Despite encompassing Derry, Northern Ireland’s second city, as well as sites of substantial historical and aesthetic significance, the North West region continues to exist in economic isolation. agendaNi provides an overview.
For centuries, Donegal has endured as the natural hinterland of Derry and west Tyrone and vice versa. Indeed, the west bank of the Foyle, upon which much of Derry city now rests, was originally contained within the boundaries of Tír Chonaill (the ancient name for Donegal).
The social, cultural and economic links between the north western counties are inextricable.
With a combined population of 308,228 between Derry City and Strabane District Council (DCSDC) and Donegal County Council (42 per cent under the age of 30), the region has, historically, experienced an infrastructural deficit. Currently, just over one third of the main arterial route between Belfast and Derry is at dual-carriageway or motorway standard. Likewise, there is an infrastructural gap between Derry and Dublin.
Comprising a population of 106,145 within the urban centres of Derry City and Strabane District Council alone (71 per cent of the council district’s population), the North West is the fourth largest city-region on the island of Ireland. However, the region currently faces a raft of imminent and interwoven challenges including Brexit, investment and political will, with an historical disparity in infrastructure at the base.
Overall, of the 11 council areas, DCSDC is ranked as the second most deprived. The district is also ranked highest both in terms of the proportion of people regarded as being in income deprivation and those in employment deprivation.
However, a new project to ensure unprecedented cross-border cooperation aims to drive down the unemployment across the region as a whole. The North West Strategic Partnership is a product of joint work conducted by DCSDC and Donegal County Council (DCC). It is hoped that this new initiative will bring an end to planning duplication across the two council areas.
Through enhanced cooperation, Chief Executive of DCSDC John Kelpie envisions a net contribution to the economies on either side of the border: “In the next ten years, with this approach, with central government on both sides of the border playing a part in our new story; we will see over £3 billion of investment in this region; we will see an additional £500 million of gross value added with these plans; we will see an additional £186 million of salaries in our local community on an annual basis; we will see tax intake increase to £100 million enabling reinvestment to take place and for the first time ever.”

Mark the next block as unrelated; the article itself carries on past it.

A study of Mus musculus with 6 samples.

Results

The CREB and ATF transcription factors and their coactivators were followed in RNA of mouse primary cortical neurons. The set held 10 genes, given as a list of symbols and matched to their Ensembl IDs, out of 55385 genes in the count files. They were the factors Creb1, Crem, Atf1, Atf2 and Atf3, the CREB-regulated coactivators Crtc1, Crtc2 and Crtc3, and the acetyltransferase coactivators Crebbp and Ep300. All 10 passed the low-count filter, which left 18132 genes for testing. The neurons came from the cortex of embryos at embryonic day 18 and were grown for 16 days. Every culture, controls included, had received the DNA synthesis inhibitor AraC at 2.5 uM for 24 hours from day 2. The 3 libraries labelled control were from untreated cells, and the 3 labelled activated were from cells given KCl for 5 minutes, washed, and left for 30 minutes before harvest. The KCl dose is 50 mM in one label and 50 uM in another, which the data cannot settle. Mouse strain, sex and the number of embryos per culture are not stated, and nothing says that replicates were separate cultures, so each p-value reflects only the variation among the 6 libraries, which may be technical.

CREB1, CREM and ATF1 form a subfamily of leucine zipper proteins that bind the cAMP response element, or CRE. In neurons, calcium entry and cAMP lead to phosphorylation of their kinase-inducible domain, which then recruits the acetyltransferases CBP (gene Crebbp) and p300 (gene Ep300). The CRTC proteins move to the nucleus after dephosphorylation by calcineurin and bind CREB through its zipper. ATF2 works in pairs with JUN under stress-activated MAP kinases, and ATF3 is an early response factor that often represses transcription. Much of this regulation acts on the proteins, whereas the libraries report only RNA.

Kelpie’s DCC counterpart Seamus Neely acknowledges the unique identities which are contained within the North West region as a whole, but welcomes the drive to develop a collective message and a singular marketing agenda. Neely outlines: “Collaboration has intensified as the two councils collectively drive the development of the wider North West region. That new level of collaboration comes at a time when local government reforms both north and south have afforded councils much more similar functions and roles than previously, particularly on the economic development side.”
The latest quarterly figures indicate that, in spite of improvement, the DCSDC region also retains its position as an outlier in relation to unemployment with a total of 5.6 per cent of those of working age in unemployment, compared with a Northern Ireland average of 2.8 per cent. The claimant count average (a measure of persons claiming Jobseeker’s Allowance) in 2015 was 7 per cent for DCSDC, while the average for Northern Ireland was 3.7 per cent. Indeed, the annual figures have been consistently above this since 2005 and long beyond.
The North West has earnings below the average of the 11 districts. Provisional Annual Survey of Hours and Earnings (ASHE) statistics released by DETI for 2016 also suggest that median earnings for DCSDC are £18,014 while across all 11 councils this figure is £20,953. Similarly, mean annual gross pay figures across all the councils was £24,601 while in DCSDC it was £20,904.
Despite encompassing the second largest city in Northern Ireland, DCSDC registered only 4.8 per cent (232,172) of the 4,641,000 overnight trips recorded in 2015. At the same time, however, both Derry’s Walls and The Guildhall feature on the list of Northern Ireland’s top 10 visitor attractions in 2015.
The population of DCSDC is projected to grow to 150,520 by 2023. The Derry City and Strabane Housing Investment Plan 2015-2019 indicates that an estimated 1,795 new-build social housing units will be required, with the areas of greatest need being Westbank, Waterside, Eglinton and Strabane town. However, at the end of Q3 for 2016 the average price for a house in DCSDC was down 9.2 per cent on the previous year. At an average of £99,397, house prices in the North West are the lowest of all 11 council regions and over £50,000 short of the Northern Ireland average (£159,932).